Until recently, the main challenge to marketing ESG funds came in convincing investors that that they could “do good while doing well.” Much of the market needed persuading that a fund focused on values could match the performance of its generalist peers.
That’s no longer the case. Demand has exploded and with that explosion has come backlash. States including Texas and Florida have passed anti-ESG policies. More may follow.
These policies, along with backlash to greenwashing, might lead ESG marketers to believe that a general negative view is overtaking the space. Our research finds that this isn’t so.
Our integrated communications firm has worked with a wide variety of ESG focused managers, including some of the founders of the space, so this issue was of major interest for our team. To get a better sense of what communicators should be doing today, we took a look at coverage of ESG related issues at 10 national top tier publications over the past year.
1. While critical ESG news content has grown more evident, overall coverage in leading media outlets remains largely positive or neutral. Positive and negative pieces hold a comparable share of total coverage. Most coverage is funds focused: launches, strategies, and performance.
2. Political backlash still lags funds coverage – In fact, general sustainability stories, those focused on governance, and those focused on the industry all outpaced political content over the past year. Political stories may be louder than those focused on finance, but they’re less frequent.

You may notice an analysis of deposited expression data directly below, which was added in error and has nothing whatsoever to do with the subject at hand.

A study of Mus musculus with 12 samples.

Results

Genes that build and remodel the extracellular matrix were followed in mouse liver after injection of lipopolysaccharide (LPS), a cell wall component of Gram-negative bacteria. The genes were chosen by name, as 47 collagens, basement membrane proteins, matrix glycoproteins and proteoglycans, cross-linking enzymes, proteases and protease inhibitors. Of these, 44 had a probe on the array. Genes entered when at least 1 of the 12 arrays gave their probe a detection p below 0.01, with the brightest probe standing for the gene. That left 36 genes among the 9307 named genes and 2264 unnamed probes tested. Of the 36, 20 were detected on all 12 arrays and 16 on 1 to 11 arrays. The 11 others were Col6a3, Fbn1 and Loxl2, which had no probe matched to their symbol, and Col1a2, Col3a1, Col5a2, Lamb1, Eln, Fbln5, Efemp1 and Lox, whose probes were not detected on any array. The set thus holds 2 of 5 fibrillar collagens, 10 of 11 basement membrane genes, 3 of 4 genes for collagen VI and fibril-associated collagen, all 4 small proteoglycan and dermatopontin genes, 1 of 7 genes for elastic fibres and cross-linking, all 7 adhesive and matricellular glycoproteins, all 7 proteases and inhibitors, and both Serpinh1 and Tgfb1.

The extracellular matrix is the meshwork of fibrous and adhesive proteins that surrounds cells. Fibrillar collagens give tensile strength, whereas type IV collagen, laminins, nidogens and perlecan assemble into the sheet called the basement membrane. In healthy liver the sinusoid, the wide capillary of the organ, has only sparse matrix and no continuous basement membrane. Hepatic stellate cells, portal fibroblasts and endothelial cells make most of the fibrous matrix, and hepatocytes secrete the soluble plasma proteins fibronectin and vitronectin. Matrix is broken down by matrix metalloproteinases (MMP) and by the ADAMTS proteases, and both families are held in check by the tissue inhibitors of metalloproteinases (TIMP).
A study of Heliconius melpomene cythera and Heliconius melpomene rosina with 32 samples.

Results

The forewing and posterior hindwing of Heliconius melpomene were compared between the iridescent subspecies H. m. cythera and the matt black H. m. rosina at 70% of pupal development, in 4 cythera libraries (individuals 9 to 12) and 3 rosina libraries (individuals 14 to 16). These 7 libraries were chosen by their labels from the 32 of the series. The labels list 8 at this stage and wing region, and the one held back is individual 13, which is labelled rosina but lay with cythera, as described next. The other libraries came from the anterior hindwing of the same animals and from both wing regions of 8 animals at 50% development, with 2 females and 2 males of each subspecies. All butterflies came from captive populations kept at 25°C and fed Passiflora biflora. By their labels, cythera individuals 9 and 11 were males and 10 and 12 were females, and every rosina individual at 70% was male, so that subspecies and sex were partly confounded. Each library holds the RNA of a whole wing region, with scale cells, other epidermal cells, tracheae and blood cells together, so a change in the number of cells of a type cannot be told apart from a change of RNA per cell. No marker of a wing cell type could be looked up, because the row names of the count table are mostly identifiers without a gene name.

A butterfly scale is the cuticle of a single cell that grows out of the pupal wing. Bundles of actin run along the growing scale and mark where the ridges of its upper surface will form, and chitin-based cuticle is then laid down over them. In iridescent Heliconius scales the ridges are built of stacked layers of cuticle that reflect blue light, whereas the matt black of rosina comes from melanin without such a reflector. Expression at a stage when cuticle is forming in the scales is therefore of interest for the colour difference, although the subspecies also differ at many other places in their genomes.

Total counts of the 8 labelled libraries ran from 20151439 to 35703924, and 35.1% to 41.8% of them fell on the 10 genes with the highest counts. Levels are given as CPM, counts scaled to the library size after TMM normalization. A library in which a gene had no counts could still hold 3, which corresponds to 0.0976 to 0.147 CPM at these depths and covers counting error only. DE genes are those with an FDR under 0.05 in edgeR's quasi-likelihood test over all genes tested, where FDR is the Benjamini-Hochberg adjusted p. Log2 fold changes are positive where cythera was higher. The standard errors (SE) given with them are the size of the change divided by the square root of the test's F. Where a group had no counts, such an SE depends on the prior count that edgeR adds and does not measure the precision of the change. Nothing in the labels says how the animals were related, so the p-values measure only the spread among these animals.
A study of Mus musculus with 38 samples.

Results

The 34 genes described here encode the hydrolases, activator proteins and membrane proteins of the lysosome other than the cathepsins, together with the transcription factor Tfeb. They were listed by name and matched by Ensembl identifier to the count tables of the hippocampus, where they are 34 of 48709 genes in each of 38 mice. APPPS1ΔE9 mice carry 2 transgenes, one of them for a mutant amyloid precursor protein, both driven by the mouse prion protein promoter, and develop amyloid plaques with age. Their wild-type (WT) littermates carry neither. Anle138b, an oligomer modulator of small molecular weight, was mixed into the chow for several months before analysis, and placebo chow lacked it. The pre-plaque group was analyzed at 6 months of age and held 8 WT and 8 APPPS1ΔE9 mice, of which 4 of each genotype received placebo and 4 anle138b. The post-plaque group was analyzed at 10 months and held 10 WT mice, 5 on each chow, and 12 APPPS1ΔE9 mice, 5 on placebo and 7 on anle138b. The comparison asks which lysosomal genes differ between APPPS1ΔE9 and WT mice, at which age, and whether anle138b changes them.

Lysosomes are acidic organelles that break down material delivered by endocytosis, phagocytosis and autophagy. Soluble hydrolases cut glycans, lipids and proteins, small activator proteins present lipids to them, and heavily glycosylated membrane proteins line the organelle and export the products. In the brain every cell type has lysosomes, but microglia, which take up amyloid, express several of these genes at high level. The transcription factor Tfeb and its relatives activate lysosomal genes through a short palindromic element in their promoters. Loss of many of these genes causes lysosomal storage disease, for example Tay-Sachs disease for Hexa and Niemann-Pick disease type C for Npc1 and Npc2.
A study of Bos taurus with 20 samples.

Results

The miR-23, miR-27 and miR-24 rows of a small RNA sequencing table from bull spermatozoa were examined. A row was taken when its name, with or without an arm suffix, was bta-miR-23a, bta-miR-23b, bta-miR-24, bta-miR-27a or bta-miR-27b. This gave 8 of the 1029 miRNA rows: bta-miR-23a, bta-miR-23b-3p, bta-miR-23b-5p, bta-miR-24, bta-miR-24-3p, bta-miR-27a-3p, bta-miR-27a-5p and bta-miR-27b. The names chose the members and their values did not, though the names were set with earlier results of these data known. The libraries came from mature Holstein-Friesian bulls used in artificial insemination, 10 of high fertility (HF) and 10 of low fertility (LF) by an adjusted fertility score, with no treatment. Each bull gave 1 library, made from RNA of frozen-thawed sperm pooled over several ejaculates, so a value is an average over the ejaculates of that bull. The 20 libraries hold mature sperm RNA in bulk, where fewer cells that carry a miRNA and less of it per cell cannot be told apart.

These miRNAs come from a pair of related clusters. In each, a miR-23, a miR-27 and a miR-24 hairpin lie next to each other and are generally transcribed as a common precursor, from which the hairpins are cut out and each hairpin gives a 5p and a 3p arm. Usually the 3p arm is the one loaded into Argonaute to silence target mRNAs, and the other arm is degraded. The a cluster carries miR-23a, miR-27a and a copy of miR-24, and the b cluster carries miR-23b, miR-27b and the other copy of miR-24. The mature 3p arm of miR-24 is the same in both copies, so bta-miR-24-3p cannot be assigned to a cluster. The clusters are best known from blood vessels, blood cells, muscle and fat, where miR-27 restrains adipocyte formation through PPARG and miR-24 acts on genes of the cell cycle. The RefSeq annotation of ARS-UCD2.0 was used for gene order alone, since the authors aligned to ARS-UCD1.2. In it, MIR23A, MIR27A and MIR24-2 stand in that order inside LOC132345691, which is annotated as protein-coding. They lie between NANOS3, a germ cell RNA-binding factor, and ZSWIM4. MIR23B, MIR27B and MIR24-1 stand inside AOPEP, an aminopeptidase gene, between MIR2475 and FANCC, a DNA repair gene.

3. Financial publications are leading the way – The Financial Times and Bloomberg have expanded their ESG staff over the past few years with hires to the Green and Moral Money teams, so it’s unsurprising that they’re generating the most coverage. Their reporting spans a variety of topics but generally targets a business and investor audience.
4. The FT’s Temple-West is the space’s most prolific writer – At least over the past year, Moral Money’s Patrick Temple-West published far more than anyone else in our survey on ESG related topics. Moral Money doesn’t shy away from politics but it’s down the middle reporting certainly doesn’t skew negative on ESG.
A note: Our survey is simply taking the pulse of media coverage. While negative coverage of ESG investing may not be as widespread as some think, we don’t know for sure the impact it may be having on institutional investors or distribution channels such a financial advisors and brokers.